Martin lied to his mom, or so she said, and so, because her 15 year old son lied to her, she threw him out of the house. Told him to go live with his Dad. To teach him a lesson.
It taught him a lesson alright – that his mother didn’t love him enough to forgive him for something that 15 years do all the time. So he lived with his Dad, and he started to drink, and to stay our late at night, and then to not wash his clothes and eventually to not wash himself.
His Dad would sneak into the room of his teenage son who had now dropped out of school so angry was he about authority, and like the most skilled Seal Team member, the father would crawl in on his belly to surreptitiously snatch the filthy clothes off the floor and whisk them to the awaiting washing machine, only to return them to their original place with such stealth and guile that no one was ever the wiser.
Except one day, when Dad was in a meeting, he heard Martin get up early, and go into the laundry room. He heard the machine stop, and then seconds later, he was surprised to see his son outside in the pouring rain. As Dad pretended to listen to his client in the meeting, he was actually watching his son, standing in the downpour in his underwear, dragging the clean clothes through the mud of the garden. The boy then turned and held the once again filthy clothes up over his head, shaking them violently in defiance to his father.
After the client had left, Dad went into his son’s room. Martin had gone out, but across the white walls the boy had dragged the muddy and wet clothes and sludge now dripped slowly down like tears, pooling on the floor at Dad’s feet.
The father worried all day. He didn’t know what to do – this was way beyond his pay scale and training. He had been reading every teenage self-help book available and indeed had a stack of them by his bedside. In an earlier argument, his boy had yelled at him once how embarrassing it was his Dad needed a book to raise his own children, and the Dad had shot back, "I don’t need a book, I need a LIBRARY!”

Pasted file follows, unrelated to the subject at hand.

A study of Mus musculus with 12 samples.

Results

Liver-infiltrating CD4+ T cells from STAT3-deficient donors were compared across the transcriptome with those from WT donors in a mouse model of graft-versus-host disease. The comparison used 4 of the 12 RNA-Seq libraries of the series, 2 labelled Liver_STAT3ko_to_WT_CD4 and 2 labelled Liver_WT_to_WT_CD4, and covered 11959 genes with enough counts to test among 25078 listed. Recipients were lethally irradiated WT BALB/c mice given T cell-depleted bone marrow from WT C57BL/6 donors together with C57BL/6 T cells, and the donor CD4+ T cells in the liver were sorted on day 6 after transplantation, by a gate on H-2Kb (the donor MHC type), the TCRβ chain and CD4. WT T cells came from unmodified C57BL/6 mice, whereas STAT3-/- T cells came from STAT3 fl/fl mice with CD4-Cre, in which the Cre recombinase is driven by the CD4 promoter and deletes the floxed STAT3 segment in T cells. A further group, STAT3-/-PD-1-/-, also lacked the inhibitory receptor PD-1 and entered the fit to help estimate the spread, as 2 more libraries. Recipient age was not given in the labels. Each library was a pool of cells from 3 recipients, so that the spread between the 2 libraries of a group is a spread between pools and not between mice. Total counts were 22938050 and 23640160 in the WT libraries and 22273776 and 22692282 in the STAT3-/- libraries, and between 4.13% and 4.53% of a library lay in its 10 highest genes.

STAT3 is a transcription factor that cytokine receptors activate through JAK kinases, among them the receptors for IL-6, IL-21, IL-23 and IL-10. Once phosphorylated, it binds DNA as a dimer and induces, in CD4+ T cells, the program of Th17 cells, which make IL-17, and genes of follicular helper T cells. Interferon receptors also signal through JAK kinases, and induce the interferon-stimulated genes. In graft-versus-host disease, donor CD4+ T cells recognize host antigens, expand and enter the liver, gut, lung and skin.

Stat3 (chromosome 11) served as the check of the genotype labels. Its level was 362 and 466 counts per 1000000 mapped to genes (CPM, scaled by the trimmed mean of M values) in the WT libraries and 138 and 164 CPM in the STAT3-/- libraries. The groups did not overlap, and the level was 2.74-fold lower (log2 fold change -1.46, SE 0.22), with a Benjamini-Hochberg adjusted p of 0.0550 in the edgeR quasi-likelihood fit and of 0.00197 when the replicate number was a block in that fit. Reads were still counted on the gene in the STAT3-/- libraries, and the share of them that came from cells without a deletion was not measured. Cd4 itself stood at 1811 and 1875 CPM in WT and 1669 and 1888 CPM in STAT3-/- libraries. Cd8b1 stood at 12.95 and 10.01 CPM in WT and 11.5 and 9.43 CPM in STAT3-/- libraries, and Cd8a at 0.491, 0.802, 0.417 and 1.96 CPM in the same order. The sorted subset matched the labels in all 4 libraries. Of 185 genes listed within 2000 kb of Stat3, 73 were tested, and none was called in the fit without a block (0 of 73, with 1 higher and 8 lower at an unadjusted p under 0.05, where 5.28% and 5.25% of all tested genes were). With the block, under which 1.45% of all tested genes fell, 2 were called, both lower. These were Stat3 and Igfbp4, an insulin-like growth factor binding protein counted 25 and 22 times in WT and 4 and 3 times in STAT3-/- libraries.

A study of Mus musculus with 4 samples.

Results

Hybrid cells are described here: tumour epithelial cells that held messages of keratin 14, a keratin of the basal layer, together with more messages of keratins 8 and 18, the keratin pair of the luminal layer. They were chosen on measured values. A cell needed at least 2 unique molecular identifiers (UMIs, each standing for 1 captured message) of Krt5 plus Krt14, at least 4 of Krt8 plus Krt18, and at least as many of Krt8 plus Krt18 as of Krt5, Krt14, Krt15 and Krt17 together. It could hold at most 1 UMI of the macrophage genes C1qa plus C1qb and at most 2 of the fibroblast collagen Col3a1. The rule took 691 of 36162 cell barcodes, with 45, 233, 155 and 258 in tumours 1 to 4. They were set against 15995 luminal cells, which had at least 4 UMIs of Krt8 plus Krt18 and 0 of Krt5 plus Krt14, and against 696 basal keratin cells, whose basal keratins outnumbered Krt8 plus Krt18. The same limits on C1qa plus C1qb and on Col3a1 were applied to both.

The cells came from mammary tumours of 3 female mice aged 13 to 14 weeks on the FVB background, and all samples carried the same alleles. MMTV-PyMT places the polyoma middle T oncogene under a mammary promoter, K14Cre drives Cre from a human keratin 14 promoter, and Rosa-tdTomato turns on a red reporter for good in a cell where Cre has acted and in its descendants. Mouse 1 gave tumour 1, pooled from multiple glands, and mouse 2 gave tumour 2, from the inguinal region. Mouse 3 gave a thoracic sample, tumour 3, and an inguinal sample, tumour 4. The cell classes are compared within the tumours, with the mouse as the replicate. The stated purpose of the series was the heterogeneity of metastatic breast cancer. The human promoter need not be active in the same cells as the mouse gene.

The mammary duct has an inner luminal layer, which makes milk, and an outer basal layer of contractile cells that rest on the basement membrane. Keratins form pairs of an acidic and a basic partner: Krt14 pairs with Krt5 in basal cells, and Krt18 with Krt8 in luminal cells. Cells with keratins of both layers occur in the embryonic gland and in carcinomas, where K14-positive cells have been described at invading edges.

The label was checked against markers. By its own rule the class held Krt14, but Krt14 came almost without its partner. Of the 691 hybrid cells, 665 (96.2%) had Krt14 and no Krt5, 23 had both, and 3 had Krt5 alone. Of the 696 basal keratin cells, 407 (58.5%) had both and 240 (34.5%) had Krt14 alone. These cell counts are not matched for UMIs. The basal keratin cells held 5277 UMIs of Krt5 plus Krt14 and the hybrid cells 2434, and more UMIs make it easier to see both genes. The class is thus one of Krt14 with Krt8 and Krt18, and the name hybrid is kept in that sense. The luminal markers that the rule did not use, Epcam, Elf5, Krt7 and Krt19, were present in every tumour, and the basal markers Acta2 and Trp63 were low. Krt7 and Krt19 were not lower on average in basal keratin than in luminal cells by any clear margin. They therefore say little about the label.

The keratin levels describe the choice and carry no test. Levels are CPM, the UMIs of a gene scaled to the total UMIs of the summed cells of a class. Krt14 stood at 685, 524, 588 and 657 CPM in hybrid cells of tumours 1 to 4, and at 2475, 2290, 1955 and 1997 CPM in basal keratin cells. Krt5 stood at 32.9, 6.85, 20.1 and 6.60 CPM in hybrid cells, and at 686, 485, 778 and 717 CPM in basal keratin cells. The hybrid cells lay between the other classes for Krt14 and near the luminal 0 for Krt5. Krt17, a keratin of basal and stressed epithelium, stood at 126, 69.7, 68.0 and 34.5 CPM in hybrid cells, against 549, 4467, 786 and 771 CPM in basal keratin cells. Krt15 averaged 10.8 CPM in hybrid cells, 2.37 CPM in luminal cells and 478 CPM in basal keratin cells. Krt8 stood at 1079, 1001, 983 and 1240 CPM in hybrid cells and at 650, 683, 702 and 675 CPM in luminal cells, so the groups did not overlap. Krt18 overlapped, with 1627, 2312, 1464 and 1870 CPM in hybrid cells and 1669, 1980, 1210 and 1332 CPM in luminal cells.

When his boy came home late that night, his father was up and waiting for him. Dad asked him to come into the living room to talk. The boy, petulant and defiant, sat there as the father searched for what to say.
He rambled for a bit, but then, quite literally, stumbled into this: “You can burn the house down. I’ll just rebuild the house because…I will never stop loving you, and I will never, ever throw you out.”
That’s all the boy needed to hear. That his parent would never throw him out and that nothing was more important than him. Martin started to change almost the next day. He had hit bottom and was coming back now, turning into that sweet child that he had always been, just like all the books said he would. He just needed someone to tell him that they believed in him, and that no matter what they did, they would love him.
And Martin forgave his mother, and in doing so, taught her what real love is.
We all need someone to believe in us. We all need someone who knows our mistakes, and believes in us anyway. This is the true nature of love: always there, always forgiving, and always giving. No matter what.